Oyster population on the rise thanks, in part, to farmers

While you’re celebrating Virginia Oyster Month in November, be sure to thank a farmer. 

That’s because farmers’ Chesapeake Bay cleanup efforts are helping oysters thrive. Over the past 10 years, the bay’s oyster population had been decimated by disease, pollution and overharvesting. But in 2014 Maryland and Virginia reported their best oyster harvests in three decades, gathering a combined 900,000 bushels. 

Farmers do their part in helping keep the bay clean by participating in resource management plans. Virginia’s Resource Management Plan program, which entered its third year in July, continues to enroll farmers in an effort to track conservation practices in the commonwealth’s portion of the bay watershed.  

Since Virginia launched the program, 320 plans have been developed. Created in the interest of meeting bay cleanup goals, the program encourages farmers to voluntarily increase their use of agricultural best management practices. It also documents their existing practices.

The plans cover more than 65,000 acres in the bay watershed and include more than 2,100 best management practices to protect soil and water resources. Sixty farm owners and operators are participating.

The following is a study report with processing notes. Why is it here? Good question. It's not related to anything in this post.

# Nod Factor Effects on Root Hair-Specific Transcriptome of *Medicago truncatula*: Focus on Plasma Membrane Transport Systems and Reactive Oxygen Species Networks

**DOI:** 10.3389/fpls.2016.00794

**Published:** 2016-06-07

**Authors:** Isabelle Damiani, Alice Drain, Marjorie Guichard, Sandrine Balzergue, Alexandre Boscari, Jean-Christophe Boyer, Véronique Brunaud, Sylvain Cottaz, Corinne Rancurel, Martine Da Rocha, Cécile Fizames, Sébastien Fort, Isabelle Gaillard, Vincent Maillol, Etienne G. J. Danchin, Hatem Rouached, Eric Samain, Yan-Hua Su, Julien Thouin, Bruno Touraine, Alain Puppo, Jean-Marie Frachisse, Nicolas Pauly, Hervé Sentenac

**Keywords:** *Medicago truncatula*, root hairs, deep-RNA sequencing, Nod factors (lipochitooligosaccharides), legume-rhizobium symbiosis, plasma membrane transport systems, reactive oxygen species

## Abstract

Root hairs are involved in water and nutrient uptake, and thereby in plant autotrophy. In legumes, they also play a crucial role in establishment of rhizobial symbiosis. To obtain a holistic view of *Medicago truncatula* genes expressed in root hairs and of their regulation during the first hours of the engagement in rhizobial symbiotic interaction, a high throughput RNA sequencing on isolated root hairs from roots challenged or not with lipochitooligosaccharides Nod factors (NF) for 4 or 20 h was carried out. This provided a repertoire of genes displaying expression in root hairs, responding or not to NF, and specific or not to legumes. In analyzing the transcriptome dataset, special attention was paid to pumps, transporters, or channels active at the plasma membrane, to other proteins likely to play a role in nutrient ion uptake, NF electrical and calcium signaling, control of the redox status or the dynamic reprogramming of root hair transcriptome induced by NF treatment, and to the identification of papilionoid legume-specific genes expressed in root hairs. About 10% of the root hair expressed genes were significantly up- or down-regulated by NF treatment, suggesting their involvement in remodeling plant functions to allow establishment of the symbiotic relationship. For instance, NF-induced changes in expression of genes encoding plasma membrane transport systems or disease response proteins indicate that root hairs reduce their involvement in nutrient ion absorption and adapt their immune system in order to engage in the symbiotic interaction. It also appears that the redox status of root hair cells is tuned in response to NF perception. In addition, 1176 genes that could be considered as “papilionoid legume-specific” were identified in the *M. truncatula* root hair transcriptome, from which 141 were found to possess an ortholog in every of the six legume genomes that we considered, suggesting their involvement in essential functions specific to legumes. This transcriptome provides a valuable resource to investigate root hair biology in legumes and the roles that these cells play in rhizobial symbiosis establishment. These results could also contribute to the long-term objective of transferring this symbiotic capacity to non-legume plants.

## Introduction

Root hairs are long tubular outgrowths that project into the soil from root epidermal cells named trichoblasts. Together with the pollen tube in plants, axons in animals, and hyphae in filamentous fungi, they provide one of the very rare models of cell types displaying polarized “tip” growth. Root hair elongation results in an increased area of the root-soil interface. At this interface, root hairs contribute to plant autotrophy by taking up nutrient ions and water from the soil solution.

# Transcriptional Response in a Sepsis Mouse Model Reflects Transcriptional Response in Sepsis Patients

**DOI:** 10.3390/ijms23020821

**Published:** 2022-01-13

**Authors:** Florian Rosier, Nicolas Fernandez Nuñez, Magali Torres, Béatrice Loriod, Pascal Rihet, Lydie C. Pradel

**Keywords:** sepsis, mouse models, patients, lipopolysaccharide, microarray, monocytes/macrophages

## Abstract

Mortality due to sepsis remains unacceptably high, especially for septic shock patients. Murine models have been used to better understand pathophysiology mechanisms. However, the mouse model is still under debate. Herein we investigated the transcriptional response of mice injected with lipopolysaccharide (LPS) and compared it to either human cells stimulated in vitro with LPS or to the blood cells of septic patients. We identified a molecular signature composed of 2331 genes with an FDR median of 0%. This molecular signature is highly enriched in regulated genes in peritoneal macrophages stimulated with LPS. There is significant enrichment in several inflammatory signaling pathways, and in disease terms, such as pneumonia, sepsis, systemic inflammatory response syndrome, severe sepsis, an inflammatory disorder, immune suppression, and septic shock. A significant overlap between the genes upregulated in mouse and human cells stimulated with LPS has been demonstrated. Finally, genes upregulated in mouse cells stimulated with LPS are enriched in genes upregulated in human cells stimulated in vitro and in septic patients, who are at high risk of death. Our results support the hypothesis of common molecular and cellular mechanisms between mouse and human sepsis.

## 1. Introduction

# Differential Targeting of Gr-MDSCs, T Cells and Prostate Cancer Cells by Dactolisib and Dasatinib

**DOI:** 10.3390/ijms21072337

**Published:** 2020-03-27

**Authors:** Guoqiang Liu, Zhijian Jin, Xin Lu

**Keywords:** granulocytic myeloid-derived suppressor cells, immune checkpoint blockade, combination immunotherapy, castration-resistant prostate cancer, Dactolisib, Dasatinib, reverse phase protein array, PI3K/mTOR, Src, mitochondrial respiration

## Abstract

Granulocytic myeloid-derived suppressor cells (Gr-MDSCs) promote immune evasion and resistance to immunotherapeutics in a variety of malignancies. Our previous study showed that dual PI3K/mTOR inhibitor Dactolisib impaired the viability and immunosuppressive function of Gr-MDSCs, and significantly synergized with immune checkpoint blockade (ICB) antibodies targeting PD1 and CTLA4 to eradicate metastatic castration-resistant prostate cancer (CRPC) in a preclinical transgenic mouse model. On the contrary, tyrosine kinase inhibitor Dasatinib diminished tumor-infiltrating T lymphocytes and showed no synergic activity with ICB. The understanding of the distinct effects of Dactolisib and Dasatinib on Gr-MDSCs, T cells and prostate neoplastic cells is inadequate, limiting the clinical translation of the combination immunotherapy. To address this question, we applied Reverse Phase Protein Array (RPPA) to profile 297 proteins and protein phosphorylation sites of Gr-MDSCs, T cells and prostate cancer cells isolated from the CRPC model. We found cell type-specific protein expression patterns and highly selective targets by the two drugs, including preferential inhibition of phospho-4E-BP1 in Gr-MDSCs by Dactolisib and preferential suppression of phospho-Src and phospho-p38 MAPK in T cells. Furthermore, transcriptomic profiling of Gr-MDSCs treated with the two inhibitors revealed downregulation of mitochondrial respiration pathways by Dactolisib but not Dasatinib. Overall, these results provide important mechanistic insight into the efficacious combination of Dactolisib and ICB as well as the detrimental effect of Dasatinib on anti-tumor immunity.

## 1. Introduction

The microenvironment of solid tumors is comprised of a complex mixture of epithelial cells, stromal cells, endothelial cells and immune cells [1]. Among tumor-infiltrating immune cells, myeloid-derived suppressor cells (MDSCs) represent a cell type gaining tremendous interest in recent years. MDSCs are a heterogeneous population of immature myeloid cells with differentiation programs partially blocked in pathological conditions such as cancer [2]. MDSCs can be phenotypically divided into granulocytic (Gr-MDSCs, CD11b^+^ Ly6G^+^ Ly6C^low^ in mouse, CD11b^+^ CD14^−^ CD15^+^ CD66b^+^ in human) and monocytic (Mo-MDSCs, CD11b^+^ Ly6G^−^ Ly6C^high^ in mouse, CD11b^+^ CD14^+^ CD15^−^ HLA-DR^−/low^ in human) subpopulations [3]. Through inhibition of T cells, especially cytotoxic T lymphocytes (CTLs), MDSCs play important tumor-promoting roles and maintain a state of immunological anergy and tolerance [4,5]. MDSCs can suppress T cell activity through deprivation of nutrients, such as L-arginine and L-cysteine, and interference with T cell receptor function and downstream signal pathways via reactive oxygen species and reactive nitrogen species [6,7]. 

“The Resource Management Plan program gives farmers a great opportunity to receive credit for their conservation efforts and to educate the non-farming community on the water quality benefits agriculture provides,” explained Scott Ambler, Department of Conservation and Recreation resource management program coordinator.

DCR manages the program in partnership with Virginia’s 47 soil and water conservation districts. Individual RMPs document farmers’ roles in keeping the Chesapeake Bay and its tributaries healthy. The plans must cover the minimum standards for nutrient management, stream buffers, livestock exclusion and soil conservation. Once a plan is approved and its practices implemented, a farm is deemed to be in compliance with state nutrient and sediment standards for the next nine years.

Looking to sample some Virginia oysters? Visit the Virginia Oyster Trail, a project connecting travelers to Virginia oyster growers, raw bars and restaurants throughout Coastal Virginia, the Northern Neck, the Middle Peninsula and Virginia's Eastern Shore.